Rust: What’s next for the fast-growing programming language? - Questers

Rust: What’s next for the fast-growing programming language?

Let's go back to May 15, 2015. On this day, Mozilla released the first version of Rust, a modern multi-paradigm programming language known for its performance, reliability and productivity. It is used to build high-performance systems and has the simplicity of high-level languages like Go and Python, while preserving the control of low-level languages like C. The release of the new language promised to fix the problems that C and C++ developers had been struggling with for a long time, namely memory errors and parallel programming. Furthermore, without a large runtime environment or a garbage collector, Rust can power performance-critical services and easily integrate with other languages. Syntax-wise it is similar to C++.

Globally, there are hundreds of companies that are using Rust in their development for fast, low-resource, cross-platform solutions. The list of the well-known software companies that use Rust includes Firefox, Dropbox, Discord, Cloudflare, and even Microsoft. A truly interesting fact is that Rust developers are known as "Rustaceans”. According to Stack Overflow's 2022 Developer Survey held among over 80,000 developers, the programming language is one of the "most loved" with 87% of developers saying they want to continue using it and won this award seventh year in a row.

To celebrate Rust’s anniversary, we've brought together all the major events from the language's development to the present day in one article. So read on :)

The Story

The Rust programming language is a result of a personal project which was started in 2006 by the Mozilla Research employee Graydon Hoare. He decided to name the language after the rust fungus because it is robust, distributed and parallel. Four years later, Mozilla became a sponsor of the project as part of the ongoing development of an experimental browser engine called Servo, which was officially announced in 2010. During the same year, the work shifted from the initial compiler, which was coded in OCaml, to a self-hosted LLVM compiler - written in Rust. The first stable release, Rust 1.0, was announced on May 15, 2015.

The Rust Foundation

You might be wondering what this foundation is?

The Rust Foundation was established in February 2021 after Mozilla officially announced its restructuring in August 2020, due to the economic impact of the COVID-19 pandemic. These events forced Mozilla to lay off around 250 employees, many of which were on the Rust team. The foundation is an independent non-profit organization with the purpose to steward the Rust language and ecosystem, with a unique focus on supporting the set of maintainers that govern and develop the project. Its founding member companies were Amazon via Amazon Web Services (AWS), Huawei, Google, Microsoft and Mozilla. In April 2021, Facebook also joined the foundation.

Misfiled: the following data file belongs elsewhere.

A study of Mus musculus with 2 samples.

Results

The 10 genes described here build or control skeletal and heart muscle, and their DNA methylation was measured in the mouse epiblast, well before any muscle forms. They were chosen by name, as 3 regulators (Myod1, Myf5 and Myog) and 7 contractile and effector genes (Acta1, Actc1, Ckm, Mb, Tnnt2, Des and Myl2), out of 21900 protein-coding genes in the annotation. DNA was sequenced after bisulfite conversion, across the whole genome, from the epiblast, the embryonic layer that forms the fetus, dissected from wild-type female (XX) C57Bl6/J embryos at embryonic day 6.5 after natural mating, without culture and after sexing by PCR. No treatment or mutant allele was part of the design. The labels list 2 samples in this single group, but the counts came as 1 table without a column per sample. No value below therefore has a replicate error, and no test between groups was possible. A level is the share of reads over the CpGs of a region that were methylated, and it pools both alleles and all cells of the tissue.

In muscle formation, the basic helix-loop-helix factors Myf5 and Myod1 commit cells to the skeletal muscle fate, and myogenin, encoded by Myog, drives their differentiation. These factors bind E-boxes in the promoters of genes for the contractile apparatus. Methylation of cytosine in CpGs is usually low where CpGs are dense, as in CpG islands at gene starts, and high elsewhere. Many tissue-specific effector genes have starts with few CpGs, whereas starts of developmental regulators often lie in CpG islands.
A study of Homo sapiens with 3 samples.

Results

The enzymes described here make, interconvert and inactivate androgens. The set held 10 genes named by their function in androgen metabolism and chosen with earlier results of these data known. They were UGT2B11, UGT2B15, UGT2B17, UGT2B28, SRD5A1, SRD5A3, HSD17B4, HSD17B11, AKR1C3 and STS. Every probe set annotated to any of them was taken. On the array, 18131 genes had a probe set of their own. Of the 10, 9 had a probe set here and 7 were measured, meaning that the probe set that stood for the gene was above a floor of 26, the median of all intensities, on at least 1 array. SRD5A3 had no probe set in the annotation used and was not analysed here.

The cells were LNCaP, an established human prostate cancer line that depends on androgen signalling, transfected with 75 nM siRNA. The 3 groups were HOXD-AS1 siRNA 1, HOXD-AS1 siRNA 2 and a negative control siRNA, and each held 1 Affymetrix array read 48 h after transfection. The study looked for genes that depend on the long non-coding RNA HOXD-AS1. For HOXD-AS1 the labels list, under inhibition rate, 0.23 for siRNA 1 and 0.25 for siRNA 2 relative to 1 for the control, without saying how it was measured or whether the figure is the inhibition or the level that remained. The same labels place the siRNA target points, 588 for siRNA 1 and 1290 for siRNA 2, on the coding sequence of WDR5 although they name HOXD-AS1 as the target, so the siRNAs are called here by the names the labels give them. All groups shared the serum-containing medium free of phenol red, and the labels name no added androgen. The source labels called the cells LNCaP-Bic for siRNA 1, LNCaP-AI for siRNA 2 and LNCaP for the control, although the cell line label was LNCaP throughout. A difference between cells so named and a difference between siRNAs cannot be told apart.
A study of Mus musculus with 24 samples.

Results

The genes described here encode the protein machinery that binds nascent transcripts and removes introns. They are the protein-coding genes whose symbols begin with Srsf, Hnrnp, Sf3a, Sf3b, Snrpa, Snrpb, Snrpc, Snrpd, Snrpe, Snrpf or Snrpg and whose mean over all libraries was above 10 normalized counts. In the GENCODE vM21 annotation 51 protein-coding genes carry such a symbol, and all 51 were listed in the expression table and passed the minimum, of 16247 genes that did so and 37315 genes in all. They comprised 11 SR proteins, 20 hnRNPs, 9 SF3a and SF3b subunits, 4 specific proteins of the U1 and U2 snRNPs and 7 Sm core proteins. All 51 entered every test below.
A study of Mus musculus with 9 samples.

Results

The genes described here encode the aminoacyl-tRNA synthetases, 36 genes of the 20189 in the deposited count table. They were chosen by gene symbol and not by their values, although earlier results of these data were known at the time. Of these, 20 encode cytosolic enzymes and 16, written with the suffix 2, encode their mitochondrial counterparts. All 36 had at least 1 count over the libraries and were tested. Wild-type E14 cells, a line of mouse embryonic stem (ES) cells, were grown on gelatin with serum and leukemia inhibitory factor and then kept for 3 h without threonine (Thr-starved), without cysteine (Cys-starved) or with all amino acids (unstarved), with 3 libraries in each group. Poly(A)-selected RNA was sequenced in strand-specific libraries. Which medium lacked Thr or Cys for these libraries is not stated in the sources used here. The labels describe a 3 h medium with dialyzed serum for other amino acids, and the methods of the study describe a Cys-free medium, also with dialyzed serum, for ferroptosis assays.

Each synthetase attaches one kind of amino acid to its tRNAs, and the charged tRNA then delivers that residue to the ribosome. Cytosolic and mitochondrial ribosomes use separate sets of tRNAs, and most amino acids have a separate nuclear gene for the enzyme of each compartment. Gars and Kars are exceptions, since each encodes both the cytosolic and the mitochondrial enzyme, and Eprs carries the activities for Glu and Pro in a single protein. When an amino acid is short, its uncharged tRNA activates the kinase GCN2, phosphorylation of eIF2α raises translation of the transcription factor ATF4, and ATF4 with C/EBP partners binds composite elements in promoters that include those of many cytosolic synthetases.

Why do developers choose Rust over other programming languages?

According to a recent Rust survey conducted among 9,354 developers that are using Rust, there are top three reasons to prefer it:

  • The possibility to build correct and bug-free software – 96%
  • The high performance of the language – 92%
  • Robust security properties – 89%

These results could be supported by the following features that the language has:

  • Memory safety: Rust's ownership system enables memory safety without the need for a garbage collector. This system effectively prevents data races and null pointer dereferences, which significantly decreases the chances of encountering memory-related bugs and crashes.
  • Concurrency: The language provides exceptional support for concurrency, allowing developers to write parallel code without concerns about common concurrency bugs such as race conditions. This is made possible through concepts such as threads, mutexes and channels.
  • Trait system: The Rust trait system enables flexible code reuse and composition by defining a set of methods that can be implemented for any data type. This allows for the creation of interfaces and supports generic programming. The trait system aims to provide an elegant implementation of the benefits of OOP.
  • Pattern matching: The pattern matching feature of Rust enables concise and expressive code for handling complex data structures and error handling. It simplifies the code by allowing developers to match different values and data.
  • Macros: The macro system allows for powerful metaprogramming, where developers can write code that generates other code during compilation. This enables more efficient and customized code writing.

All these features work together to provide a safe, fast and expressive language, making Rust an appealing choice for systems programming and beyond.

The potential of Rust

Given all the advantages Rust has to offer, its popularity is set to only continue to grow in 2023. With its latest release announced in April this year, Rust will continue to offer a high degree of performance. The latest update also added two new features for reliability and security. The first feature allows auto-fixing of some simple Clippy (a tool for catching common mistakes in the code and improving it) warnings. The second feature is that Cargo - the Rust package manager, now avoids emitting debug information in build scripts by default.

We can't wait to see in which direction the development of Rust will take. But one thing is sure – it is expected to be among the most-used programming languages for 2023, as both developers and big tech companies start to see its current development potential (and beyond). We will expect to celebrate its next anniversary with a new even more functional andflexible version.